Friday, February 18, 2011

Broken Inside - Mountainside Chats

I recently read a story about a social worker named Julio Diaz who was being mugged in New York City. As he turned over his wallet, the social worker invited his adolescent mugger to have dinner with him. The teen-aged mugger agreed and the two of them sat down to dinner at a local diner. 
As a society, it makes sense that we should be concerned with criminal behavior. It seems important for the social status quo that there be consequences to harmful behavior. Punishing this behavior also allows us to remove from society those who may be able to harm us, or remove their ability to exert harm.
However, I think Julio Diaz understands something that the rest of us need to learn. Since the general status quo of society is not harming one another, a person who is intent on doing so may have some type of compelling brokenness in their life.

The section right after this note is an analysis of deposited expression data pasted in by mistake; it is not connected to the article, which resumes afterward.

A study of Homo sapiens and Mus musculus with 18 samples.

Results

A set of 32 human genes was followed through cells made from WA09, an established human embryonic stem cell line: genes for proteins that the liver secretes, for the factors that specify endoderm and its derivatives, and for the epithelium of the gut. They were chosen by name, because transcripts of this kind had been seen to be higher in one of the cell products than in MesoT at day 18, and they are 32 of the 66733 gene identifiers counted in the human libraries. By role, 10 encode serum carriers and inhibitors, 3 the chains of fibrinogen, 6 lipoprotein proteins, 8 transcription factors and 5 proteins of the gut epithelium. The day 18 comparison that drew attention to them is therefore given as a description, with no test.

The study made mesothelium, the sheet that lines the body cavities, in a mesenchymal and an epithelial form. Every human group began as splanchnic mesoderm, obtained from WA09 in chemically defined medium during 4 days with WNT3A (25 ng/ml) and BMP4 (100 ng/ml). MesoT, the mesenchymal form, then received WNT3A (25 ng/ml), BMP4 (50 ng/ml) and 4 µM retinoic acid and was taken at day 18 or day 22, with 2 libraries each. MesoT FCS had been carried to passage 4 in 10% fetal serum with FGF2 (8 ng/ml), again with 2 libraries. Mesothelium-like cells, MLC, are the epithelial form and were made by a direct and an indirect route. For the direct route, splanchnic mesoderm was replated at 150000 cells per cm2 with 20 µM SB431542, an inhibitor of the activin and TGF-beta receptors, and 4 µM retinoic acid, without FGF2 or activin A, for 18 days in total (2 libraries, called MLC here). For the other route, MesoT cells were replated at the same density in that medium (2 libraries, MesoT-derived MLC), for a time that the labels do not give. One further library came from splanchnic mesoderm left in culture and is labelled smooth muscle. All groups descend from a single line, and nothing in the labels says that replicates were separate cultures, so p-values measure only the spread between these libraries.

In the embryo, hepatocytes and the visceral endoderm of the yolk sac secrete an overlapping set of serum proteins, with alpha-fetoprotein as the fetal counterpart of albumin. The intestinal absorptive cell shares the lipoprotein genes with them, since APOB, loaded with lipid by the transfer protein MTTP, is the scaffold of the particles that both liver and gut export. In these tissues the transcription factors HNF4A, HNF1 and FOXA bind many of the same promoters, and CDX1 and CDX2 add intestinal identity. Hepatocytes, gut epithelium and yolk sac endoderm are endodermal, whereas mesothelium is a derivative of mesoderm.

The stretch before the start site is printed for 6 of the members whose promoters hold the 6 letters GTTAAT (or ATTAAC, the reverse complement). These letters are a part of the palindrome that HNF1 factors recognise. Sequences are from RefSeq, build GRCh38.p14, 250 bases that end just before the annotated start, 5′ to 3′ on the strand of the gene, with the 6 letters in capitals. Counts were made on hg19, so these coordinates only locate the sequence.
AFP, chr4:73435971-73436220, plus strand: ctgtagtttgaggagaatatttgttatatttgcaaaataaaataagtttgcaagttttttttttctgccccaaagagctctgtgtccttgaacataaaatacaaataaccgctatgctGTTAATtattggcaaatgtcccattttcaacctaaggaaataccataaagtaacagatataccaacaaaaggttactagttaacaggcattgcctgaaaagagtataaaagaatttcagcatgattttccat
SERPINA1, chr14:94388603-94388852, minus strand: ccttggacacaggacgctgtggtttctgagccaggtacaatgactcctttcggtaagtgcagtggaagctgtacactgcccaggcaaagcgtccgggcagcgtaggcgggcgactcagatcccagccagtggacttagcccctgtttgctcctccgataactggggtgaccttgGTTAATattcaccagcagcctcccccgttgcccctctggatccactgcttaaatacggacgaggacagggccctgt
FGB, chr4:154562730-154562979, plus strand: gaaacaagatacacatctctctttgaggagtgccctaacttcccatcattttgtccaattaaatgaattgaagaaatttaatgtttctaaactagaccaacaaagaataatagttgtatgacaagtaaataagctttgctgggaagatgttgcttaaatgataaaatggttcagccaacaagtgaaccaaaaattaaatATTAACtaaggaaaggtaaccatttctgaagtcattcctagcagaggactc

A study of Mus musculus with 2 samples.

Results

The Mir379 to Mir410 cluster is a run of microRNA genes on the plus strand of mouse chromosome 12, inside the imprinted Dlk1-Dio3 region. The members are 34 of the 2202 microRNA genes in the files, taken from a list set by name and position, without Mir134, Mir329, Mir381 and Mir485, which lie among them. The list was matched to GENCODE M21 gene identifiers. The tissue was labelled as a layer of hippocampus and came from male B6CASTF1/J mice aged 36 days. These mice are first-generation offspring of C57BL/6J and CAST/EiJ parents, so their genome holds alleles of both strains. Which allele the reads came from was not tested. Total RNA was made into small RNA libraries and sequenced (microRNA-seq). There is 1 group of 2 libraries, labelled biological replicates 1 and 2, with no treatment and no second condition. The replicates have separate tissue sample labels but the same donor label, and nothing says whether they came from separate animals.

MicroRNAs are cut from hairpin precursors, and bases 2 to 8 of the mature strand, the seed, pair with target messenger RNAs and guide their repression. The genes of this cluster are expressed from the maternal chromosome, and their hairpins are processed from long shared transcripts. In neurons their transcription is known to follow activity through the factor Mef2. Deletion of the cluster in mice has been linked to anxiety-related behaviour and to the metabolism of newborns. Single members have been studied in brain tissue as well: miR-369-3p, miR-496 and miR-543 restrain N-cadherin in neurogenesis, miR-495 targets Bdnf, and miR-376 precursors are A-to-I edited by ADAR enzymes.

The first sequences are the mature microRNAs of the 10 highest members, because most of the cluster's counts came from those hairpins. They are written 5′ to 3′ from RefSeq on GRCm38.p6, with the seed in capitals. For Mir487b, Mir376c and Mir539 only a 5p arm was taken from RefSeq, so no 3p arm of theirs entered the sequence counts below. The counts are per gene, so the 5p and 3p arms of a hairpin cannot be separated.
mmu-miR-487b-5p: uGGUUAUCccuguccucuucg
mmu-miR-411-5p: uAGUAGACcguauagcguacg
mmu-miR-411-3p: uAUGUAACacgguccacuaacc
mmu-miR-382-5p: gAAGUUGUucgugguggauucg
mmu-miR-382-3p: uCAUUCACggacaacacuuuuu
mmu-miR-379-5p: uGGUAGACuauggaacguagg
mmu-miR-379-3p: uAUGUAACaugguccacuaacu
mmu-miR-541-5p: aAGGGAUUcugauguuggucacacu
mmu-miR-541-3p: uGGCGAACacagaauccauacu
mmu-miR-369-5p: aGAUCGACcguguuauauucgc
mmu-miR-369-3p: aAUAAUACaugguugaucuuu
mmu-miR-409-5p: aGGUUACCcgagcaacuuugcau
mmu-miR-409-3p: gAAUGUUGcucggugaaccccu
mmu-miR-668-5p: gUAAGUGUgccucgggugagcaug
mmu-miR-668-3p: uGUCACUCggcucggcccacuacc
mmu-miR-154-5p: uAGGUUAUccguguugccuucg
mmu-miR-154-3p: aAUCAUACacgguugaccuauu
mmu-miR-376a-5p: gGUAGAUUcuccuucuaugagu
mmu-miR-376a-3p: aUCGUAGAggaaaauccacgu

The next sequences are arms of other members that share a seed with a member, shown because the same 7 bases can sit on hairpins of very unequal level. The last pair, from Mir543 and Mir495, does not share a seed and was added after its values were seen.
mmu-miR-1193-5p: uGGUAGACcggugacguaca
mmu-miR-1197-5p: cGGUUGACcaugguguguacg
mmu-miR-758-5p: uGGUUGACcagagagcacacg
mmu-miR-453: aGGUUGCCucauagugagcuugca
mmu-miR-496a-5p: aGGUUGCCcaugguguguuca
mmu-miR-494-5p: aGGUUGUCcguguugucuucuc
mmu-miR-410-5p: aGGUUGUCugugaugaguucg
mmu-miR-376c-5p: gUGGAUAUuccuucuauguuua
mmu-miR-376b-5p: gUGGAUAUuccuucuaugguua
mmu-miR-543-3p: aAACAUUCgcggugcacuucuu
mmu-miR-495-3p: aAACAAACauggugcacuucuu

Therefore, when Jesus tells his followers to “turn the other cheek” in Matthew 5:38-42, it seems to me that he was not talking about some mysterious virtue in being victimized. I think Jesus was actually talking about how Christians can combat the source of evil by addressing the underlying brokenness with love. Instead of creating more broken relationships and lives through punishment, we can serve reconciliation through prayer and kindness.
To me, this idea sounds as revolutionary today as it probably did when Jesus first uttered the words. At least someone thought Julio Diaz’s actions were abnormal enough  to put him in the national news spotlight. Even if we are not currently being victimized, it seems to me that Christians can be actively using kindness to reconcile the brokenness in the lives of people around us.